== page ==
By Motor Match • 31/05/2024

Check out how the The Ford Ka+ Active brings back the fun during this great test drive.

What is the Ford KA+ Active?

Hatchback-turned-rugged SUV is one of the biggest trends amongst car manufacturers at the moment, and Ford is looking to lead the way with its recently-introduced ‘Active’ range of machinery.

First came the Fiesta Active, and soon too will the all-new Focus be given the treatment. But for now, there’s this — the Ka+ Active.

Now the Ka+ has never been a tremendously memorable car. It’s by no means a bad machine, but it’s fair to say the success of the Fiesta and general buyer focus towards more premium machinery means the city car hasn’t captured imaginations in the way the 1996 original did — but could Active treatment change that?

What’s new?

Calling Active just a trim level for the Ka+ would be doing it a disservice — there’s actually quite a lot of depth to it. Most noticeably is the ‘rugged’ look on offer, which comes thanks to redesigned body panels, roof rails and a raised ride height.

Debuting alongside a Ka+ facelift, there’s also a new engine line-up on offer, with two petrols and a diesel available, while a host of new equipment available for the city car also joins the fray.

Ford KA

What’s under the bonnet?

Powering our test car is a 1.2-litre three-cylinder petrol engine, producing 84bhp and 112Nm of torque which sent to the front wheels via a five-speed manual gearbox. As for fuel economy, Ford claims it can manage 49.6mpg while emitting 129g/km of CO2 emissions.

It’s far from a potent engine — with the small unit having to be worked hard to get the most out of it — but for town driving, it’s powerful enough with a flexible clutch making for surprisingly easy stop/start movement, a must for any city car. The shifter also has a surprisingly satisfying feel to it for a car built cheaply and allows for quite a bit of fun behind the wheel.

What’s it like to drive?

The Ford Ka+ Active is an impressively amusing thing to drive. Despite being slow (like, properly slow), it doesn’t feel like a chore when working it hard and it’s a spritely thing around corners, thanks to its compact dimensions and responsive handling.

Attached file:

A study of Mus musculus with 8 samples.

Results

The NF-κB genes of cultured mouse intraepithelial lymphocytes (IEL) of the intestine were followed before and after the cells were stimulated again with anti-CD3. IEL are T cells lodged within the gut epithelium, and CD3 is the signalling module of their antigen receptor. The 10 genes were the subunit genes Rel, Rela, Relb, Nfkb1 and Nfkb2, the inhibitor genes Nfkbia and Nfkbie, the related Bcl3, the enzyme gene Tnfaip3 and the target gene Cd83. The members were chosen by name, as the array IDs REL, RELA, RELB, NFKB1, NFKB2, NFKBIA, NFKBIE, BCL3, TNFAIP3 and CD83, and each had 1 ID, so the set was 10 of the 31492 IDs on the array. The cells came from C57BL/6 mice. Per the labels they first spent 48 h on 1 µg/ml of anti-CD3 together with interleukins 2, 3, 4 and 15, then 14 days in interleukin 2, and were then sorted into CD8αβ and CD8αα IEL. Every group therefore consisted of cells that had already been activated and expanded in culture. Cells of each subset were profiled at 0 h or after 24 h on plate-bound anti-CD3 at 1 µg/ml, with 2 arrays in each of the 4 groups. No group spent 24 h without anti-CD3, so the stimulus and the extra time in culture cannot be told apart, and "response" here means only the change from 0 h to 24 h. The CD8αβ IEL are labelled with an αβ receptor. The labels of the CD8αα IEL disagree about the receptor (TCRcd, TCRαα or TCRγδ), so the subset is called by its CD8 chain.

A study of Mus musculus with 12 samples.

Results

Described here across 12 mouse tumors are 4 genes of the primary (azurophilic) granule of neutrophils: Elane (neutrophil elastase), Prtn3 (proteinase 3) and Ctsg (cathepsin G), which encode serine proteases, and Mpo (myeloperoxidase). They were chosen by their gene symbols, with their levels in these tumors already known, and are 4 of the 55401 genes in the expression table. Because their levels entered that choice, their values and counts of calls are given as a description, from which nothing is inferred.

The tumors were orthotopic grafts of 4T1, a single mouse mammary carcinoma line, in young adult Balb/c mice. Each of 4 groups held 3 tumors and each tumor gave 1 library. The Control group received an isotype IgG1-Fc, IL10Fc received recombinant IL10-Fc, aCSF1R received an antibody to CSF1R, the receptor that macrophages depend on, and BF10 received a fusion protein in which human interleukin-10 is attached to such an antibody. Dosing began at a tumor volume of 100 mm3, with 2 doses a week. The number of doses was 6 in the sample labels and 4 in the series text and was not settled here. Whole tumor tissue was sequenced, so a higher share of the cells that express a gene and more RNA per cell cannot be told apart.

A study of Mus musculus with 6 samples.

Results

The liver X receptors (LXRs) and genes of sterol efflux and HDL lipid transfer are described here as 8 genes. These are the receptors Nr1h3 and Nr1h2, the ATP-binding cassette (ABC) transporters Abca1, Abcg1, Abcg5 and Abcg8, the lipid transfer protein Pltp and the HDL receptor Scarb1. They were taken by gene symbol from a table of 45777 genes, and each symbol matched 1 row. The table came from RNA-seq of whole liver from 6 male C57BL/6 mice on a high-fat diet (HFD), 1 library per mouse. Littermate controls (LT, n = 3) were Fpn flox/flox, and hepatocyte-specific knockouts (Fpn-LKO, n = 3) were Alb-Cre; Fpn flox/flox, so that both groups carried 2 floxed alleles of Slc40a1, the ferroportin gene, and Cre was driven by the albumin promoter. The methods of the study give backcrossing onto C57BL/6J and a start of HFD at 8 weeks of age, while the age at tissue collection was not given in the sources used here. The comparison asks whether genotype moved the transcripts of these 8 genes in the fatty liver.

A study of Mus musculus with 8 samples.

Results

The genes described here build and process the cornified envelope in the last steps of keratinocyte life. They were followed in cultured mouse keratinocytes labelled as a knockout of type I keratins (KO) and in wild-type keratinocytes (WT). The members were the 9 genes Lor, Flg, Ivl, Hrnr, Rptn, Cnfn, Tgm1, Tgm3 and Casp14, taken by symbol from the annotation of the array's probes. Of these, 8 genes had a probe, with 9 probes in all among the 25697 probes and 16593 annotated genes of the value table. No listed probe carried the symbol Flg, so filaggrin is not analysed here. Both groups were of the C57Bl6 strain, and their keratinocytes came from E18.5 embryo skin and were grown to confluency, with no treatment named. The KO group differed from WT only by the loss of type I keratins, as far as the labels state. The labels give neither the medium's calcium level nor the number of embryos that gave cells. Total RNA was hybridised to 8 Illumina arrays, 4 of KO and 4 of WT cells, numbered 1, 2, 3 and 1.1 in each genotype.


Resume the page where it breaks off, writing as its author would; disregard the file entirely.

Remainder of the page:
Of course, though, this is a car primarily intended for town use and that’s where it works best. It’s easy to manoeuvre as a result of its light steering and tiny stature, and parking can be done fairly easily – although some rear visibility issues means it can be a little tricky to place perfectly.

Where the Ka+ falters though is on the motorway. Although it rides comfortably, its five-speed box means revs sit high at 70mph which, in combination with high wind noise, brings a lot of unpleasant noise into the cabin.

How does it look?

Ford has angled the Ka+ Active as a more rugged machine, and it has made a number of aesthetic tweaks to try and add to this.

These include the introduction of beefier bodywork, a raised ride height and roof rails. Admittedly the bullish effect doesn’t go further than this, and we’d still be inclined to avoid any mud trails with the Ka+ Active.

It is, however, a fairly interesting looking thing. Perhaps the bolder look loses some of the cute charm offered by the base Ka+, but the Active does manage to stand out.

What’s it like inside?

Stepping inside the Ka+ Active brings the realization that this is a car built to a pretty low price point. Plastics are hard and plentiful, while there’s no leather to be found here — just cheap-feeling fabrics. Of course, you shouldn’t really expect much more — but a little more effort from Ford to disguise its roots wouldn’t go amiss.

That said, space is respectable. Despite being smaller than the Fiesta, you can fit the same number of people in — five, to be exact — and probably end up with an equal amount of room. As for boot space, that remains identical to the regular Ka+, totalling 270 litres.

Ford KA


The Ford Ka+ Active proves to be more than just a trim level. It brings a funky, fresh edge to an otherwise pretty forgettable city car and offers just as much room for the cost as the larger, more loved Fiesta.

Of course, it’s not the rugged beast that marketing will want you to believe, but it is well-equipped not just literally, but also for the everyday abuse town driving will offer. If a Fiesta is just out of your price range, then this could be a bargain buy.